Binance exit sparks fears and opportunities in Nigeria’s crypto community




In separate interviews with Cointelegraph, local crypto stakeholders said the delisting of naira-related services from Binance will lead to the rise of new crypto exchanges, who will fill the vacuum created by Binance’s exit, while figuring out a way to remain compliant with local regulations.

The CEO of Flincap, a liquidity platform for crypto exchanges, Nathaniel Luz, said that several Nigerian traders make a living from trading P2P on Binance, that are now affected. However, they’ve currently resulted in trading on WhatsApp and Telegram groups.

Luz emphasized this development by saying:

According to the chief marketing officer of Flincap, Oladotun Wilfred Akangbe, the continuing uncertainty surrounding cryptocurrency regulation in Nigeria and the decision to seize operations of Binance can undermine the confidence of many people in the space. It can lead to massive fear, uncertainty, and doubt (FUD) in the crypto space in Nigeria.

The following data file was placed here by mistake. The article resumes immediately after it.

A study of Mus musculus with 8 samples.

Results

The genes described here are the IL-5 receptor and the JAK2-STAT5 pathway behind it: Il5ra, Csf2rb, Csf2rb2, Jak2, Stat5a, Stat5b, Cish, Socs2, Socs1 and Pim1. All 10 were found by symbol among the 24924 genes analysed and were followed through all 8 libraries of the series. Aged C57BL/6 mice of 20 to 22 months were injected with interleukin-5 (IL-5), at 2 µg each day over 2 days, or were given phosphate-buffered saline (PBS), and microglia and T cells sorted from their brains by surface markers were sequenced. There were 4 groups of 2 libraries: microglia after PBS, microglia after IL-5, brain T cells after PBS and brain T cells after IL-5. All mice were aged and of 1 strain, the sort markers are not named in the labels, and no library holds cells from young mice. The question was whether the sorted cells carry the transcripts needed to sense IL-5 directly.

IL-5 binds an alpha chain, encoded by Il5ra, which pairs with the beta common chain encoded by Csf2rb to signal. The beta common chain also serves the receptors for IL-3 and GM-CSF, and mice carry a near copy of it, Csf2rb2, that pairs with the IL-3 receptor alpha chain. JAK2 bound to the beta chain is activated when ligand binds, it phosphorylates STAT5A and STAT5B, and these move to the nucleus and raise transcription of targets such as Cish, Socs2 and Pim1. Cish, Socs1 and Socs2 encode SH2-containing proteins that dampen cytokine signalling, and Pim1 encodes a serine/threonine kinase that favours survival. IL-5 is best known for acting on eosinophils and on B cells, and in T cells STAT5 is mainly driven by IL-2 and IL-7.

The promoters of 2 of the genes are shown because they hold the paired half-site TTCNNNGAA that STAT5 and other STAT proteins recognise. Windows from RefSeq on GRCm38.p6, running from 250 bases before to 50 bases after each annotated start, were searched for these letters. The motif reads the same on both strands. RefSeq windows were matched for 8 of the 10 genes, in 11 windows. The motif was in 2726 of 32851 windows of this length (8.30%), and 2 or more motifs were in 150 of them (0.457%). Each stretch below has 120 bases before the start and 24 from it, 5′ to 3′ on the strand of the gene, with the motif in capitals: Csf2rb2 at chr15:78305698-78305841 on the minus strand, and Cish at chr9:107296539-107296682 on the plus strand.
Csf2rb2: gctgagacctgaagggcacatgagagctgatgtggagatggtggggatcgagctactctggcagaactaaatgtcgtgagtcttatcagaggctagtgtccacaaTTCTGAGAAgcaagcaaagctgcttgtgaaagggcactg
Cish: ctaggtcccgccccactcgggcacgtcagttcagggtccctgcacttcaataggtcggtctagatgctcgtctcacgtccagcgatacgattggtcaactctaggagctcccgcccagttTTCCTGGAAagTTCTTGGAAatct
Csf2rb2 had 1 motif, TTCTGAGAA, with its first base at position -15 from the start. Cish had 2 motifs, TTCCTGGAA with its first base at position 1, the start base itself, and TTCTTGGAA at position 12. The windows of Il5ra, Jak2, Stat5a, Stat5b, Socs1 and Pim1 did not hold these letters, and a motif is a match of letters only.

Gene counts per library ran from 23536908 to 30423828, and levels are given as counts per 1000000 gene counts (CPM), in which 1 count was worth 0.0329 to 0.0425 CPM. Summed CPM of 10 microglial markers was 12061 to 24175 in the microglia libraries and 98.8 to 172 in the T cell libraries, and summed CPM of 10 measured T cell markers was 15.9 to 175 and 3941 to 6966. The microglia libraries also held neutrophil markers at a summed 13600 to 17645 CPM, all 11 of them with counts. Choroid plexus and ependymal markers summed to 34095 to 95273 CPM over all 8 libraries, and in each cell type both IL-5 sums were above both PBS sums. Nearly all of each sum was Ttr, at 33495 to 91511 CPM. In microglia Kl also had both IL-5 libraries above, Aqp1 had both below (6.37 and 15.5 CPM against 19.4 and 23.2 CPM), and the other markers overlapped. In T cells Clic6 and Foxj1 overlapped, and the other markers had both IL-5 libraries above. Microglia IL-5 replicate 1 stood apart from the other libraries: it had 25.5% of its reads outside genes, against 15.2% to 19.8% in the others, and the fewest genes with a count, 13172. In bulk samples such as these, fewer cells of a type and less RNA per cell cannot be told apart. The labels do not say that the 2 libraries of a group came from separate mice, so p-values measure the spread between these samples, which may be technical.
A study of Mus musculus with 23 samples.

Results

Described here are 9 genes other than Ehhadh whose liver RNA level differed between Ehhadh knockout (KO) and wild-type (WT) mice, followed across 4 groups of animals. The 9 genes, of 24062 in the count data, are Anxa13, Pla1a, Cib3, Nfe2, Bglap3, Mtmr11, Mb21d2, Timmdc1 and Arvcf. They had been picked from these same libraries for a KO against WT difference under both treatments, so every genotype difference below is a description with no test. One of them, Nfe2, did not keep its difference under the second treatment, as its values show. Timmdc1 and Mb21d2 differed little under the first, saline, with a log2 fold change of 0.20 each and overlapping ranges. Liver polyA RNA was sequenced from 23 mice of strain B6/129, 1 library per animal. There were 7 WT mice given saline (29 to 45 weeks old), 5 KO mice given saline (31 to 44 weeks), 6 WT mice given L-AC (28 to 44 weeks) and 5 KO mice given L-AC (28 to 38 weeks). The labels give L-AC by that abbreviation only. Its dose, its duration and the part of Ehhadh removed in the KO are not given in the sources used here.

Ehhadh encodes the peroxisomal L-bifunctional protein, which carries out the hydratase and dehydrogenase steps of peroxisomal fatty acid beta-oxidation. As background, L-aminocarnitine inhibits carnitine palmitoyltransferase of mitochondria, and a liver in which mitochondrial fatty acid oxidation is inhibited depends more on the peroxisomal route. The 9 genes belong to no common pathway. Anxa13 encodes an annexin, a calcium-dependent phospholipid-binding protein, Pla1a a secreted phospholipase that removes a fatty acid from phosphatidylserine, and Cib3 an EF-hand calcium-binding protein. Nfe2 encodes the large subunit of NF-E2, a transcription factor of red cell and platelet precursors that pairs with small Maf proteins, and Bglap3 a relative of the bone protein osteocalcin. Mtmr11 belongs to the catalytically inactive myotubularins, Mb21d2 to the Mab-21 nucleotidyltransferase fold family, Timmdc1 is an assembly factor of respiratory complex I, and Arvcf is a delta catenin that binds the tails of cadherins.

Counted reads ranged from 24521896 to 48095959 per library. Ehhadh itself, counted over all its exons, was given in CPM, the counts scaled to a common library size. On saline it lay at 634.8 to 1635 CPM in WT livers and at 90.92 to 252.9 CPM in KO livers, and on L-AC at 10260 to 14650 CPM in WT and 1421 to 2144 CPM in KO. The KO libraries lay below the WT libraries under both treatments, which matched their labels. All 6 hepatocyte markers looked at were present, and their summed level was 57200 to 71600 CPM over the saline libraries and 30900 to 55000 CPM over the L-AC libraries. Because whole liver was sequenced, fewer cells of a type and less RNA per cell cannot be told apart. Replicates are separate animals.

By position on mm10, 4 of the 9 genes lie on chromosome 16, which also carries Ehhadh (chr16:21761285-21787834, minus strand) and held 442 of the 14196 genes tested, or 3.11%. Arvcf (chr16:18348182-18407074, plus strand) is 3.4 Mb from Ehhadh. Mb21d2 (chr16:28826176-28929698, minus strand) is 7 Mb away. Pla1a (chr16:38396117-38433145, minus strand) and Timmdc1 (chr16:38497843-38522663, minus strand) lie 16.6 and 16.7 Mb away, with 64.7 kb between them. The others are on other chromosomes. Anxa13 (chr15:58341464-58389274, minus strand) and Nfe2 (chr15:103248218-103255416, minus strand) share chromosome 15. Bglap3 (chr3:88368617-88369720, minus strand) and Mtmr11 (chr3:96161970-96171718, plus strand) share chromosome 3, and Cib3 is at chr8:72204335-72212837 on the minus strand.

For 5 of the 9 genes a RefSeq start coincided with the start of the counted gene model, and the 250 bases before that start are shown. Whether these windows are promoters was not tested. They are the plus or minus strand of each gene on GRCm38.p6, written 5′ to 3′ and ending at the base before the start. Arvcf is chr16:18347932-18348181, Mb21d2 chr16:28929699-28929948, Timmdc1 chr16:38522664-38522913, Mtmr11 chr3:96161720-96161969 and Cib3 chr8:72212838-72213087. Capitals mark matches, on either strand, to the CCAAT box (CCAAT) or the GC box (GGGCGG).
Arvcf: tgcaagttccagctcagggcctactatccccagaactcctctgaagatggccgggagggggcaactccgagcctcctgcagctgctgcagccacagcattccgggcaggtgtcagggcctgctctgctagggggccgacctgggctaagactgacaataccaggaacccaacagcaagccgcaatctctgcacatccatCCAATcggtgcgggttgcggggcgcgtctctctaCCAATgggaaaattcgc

In an official statement on its website, the Binance crypto exchange said it will automatically convert naira balances to USDT from March 8 at 8:00 am UTC but will cease support for NGN deposits after 14:00 UTC today.

According to the crypto company, withdrawals will become unsupported after March 8 at 6:00 am UTC, adding that the conversion rate for automatic conversions will be 1 USDT per 1,515.13 naira. Binance’s peer-to-peer platform delisted all NGN trading pairs in late February.

Related: Binance temporarily suspends Solana network withdrawals, citing ‘increased volume’

On Feb. 27, the governor of the Central Bank of Nigeria (CBN) argued that crypto exchanges in Nigeria were suspected of handling illicit transactions, pointing to “suspicious flows” of funds at Binance.

As the suspicions of Binance’s alleged illicit operations in Nigeria intensified, the Nigerian House of Representatives Committee on Financial Crimes called Binance CEO Richard Teng to appear before the committee before March 4.

In 2023, Nigeria’s Securities and Exchange Commission stated that Binance Nigeria wasn’t registered or regulated by them, marking its operations in Nigeria as illegal. In December 2023, the Central Bank of Nigeria reversed its stance on crypto assets, advising banks to ignore the previous ban on crypto transactions.